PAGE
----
This tour combines two of Manitoba’s best qualities – its breathtaking wildlife and its lively history – as it takes you to award-winning attractions, with your guide providing plenty of interesting information about the sights and stories of Manitoba along the way.
Your first stop is at Oak Hammock Marsh, a wildlife management and interpretive centre that is home to 25 species of mammals, 300 species of birds, numerous reptiles, amphibians and fish, and countless other creatures. Recognized as one of the best bird viewing wildlife management areas in North America, the marsh features artesian springs, aspen-oak bluff, some of Manitoba’s last remaining patches of tall grass prairie, over 30 kilometres of trails to explore, and waterfowl lure crops which can attract over 400,000 waterfowl daily during migration season. Upon request, other tour activities at the marsh could include a walk-about, rooftop viewings, a tour of the indoor exhibits, snowshoe walks, critter dipping or even canoe excursions!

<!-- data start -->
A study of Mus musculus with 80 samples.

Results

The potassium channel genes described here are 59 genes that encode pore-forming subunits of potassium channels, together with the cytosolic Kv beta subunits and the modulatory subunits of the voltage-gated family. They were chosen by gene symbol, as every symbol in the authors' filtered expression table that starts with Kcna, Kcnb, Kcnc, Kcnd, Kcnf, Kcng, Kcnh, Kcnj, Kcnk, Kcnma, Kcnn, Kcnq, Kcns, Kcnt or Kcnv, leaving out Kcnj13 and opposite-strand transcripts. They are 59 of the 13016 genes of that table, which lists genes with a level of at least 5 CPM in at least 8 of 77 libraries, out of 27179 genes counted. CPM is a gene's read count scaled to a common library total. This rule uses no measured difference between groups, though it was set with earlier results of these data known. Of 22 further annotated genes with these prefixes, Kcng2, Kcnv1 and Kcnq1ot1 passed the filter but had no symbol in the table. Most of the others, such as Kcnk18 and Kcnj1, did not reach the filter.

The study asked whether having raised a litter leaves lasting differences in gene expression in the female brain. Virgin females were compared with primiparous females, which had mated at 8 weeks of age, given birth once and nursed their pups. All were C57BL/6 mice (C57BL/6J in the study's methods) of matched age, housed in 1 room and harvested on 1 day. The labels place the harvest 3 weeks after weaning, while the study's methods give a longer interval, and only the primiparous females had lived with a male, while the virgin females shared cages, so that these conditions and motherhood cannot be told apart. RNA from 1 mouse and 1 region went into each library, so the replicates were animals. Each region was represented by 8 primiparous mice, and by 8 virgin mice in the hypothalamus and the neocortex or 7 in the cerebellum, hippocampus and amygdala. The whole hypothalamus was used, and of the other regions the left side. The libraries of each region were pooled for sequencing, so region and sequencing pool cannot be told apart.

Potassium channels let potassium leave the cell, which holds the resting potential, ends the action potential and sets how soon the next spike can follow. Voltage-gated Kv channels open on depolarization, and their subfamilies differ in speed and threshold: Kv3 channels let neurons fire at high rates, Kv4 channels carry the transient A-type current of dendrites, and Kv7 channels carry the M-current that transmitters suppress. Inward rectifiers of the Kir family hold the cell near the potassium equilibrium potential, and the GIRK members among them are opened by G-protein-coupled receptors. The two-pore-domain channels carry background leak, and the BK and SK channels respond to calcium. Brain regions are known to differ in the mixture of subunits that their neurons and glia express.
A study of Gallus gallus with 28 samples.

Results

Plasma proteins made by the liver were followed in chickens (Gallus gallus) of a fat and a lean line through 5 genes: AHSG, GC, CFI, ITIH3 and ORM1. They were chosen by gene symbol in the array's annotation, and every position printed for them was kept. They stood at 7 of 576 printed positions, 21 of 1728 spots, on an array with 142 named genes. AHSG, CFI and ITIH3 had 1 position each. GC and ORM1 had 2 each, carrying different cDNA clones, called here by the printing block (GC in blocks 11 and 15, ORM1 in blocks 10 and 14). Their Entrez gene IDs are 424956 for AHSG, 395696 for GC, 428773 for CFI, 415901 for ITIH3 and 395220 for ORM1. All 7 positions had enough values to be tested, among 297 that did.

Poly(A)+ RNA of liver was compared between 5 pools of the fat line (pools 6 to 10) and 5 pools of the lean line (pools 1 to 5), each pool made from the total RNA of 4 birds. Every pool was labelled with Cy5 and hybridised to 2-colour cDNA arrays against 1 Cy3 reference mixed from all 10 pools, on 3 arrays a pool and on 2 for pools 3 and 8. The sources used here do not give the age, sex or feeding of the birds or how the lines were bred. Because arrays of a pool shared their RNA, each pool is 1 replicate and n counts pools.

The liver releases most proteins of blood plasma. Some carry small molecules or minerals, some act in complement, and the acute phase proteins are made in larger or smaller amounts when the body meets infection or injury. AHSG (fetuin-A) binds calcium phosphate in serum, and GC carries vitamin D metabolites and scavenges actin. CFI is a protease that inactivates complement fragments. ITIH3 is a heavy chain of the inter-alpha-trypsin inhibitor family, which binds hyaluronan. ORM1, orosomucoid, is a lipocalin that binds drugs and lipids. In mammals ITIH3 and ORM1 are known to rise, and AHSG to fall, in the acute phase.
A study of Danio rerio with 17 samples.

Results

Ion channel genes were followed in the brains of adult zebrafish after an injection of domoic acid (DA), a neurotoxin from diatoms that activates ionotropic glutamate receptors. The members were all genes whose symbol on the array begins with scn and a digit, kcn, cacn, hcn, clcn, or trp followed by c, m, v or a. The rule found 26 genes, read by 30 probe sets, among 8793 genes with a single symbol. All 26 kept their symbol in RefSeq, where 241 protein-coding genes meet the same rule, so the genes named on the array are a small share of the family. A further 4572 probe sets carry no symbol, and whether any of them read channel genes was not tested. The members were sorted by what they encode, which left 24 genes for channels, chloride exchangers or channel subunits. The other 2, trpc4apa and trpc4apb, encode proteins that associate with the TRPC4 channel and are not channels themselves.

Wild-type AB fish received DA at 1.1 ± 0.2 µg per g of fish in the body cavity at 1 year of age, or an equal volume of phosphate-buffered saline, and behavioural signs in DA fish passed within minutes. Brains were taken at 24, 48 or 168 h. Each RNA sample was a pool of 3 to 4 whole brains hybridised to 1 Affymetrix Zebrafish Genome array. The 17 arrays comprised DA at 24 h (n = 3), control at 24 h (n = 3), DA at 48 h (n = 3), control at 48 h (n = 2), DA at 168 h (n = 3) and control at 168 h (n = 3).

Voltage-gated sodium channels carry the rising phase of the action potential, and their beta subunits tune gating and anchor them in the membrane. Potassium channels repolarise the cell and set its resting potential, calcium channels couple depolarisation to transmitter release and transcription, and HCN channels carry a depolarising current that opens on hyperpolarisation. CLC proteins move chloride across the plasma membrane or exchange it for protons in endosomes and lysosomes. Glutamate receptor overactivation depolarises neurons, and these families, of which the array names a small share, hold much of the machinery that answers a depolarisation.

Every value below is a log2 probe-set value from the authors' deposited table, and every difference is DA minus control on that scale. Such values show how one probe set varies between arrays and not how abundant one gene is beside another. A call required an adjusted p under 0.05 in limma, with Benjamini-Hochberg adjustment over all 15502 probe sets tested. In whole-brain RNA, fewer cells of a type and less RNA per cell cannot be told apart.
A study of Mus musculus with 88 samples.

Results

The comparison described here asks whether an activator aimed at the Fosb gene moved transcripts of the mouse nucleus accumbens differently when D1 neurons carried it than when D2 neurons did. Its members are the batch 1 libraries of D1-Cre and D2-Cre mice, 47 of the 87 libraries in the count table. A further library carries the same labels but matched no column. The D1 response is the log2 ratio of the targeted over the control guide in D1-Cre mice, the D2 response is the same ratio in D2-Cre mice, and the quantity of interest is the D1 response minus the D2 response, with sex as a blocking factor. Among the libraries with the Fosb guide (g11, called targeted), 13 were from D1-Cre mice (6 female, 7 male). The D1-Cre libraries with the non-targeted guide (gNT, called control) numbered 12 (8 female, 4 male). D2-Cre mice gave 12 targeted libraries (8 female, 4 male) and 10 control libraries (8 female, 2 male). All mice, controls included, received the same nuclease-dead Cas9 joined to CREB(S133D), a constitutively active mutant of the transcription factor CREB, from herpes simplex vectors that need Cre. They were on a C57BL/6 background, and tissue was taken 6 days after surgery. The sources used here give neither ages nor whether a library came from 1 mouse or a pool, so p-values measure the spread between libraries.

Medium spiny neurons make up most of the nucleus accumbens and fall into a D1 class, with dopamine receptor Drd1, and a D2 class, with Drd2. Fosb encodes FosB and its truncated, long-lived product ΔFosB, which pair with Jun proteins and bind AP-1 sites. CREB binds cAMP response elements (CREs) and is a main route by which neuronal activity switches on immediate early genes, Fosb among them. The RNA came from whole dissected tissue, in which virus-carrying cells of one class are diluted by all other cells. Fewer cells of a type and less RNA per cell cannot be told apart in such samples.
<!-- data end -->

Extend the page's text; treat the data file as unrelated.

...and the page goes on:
Your next stop is at Lower Fort Garry, a Parks Canada National Historic Site and North America’s only restored stone fort from the fur trade era. Travel back in time to the days when the Hudson’s Bay Company ruled Rupert’s Land, and witness what life was like in the 1800s at this Red River settlement. Entertaining costumed guides bring this historically significant fort to life as you take an interactive tour of the aboriginal encampment, the blacksmith’s shop and eight other historic buildings within the fort’s palisade-style walls, all while testing your mettle as a blacksmith or fur packer, making fire with flint and steel, spinning wool, and many other memorable activities.
Before leaving the past behind, relax and enjoy a classic lunch with local flair at Fort Bistro in the Visitor Reception Centre and browse the fort’s impressive gift shop.
The trip back to Winnipeg will take you along Red River Drive, also known as Heritage Drive, the road used by the first Red River ox carts and along which you will still find many beautiful historic homes from the early 1800s. The last stop of the tour will take you to St. Andrew’s on the Red Anglican Church, the oldest stone church in continuous use in western Canada. The church was designed by its first rector, the Reverend Archdeacon William Cockran of Northumberland, England, who immigrated to the Red River Settlement in 1825 and is buried in the church cemetery. The Gothic Revival architectural style, which was popular in England at the time of the construction of the church, is unique on our prairie landscape, and the magnificent stained glass and church interior, which has remained mostly untouched since 1849, along with many original artefacts, will make a believer out of anyone.
From wilderness to bewilderment, you will not want to miss this fascinating tour!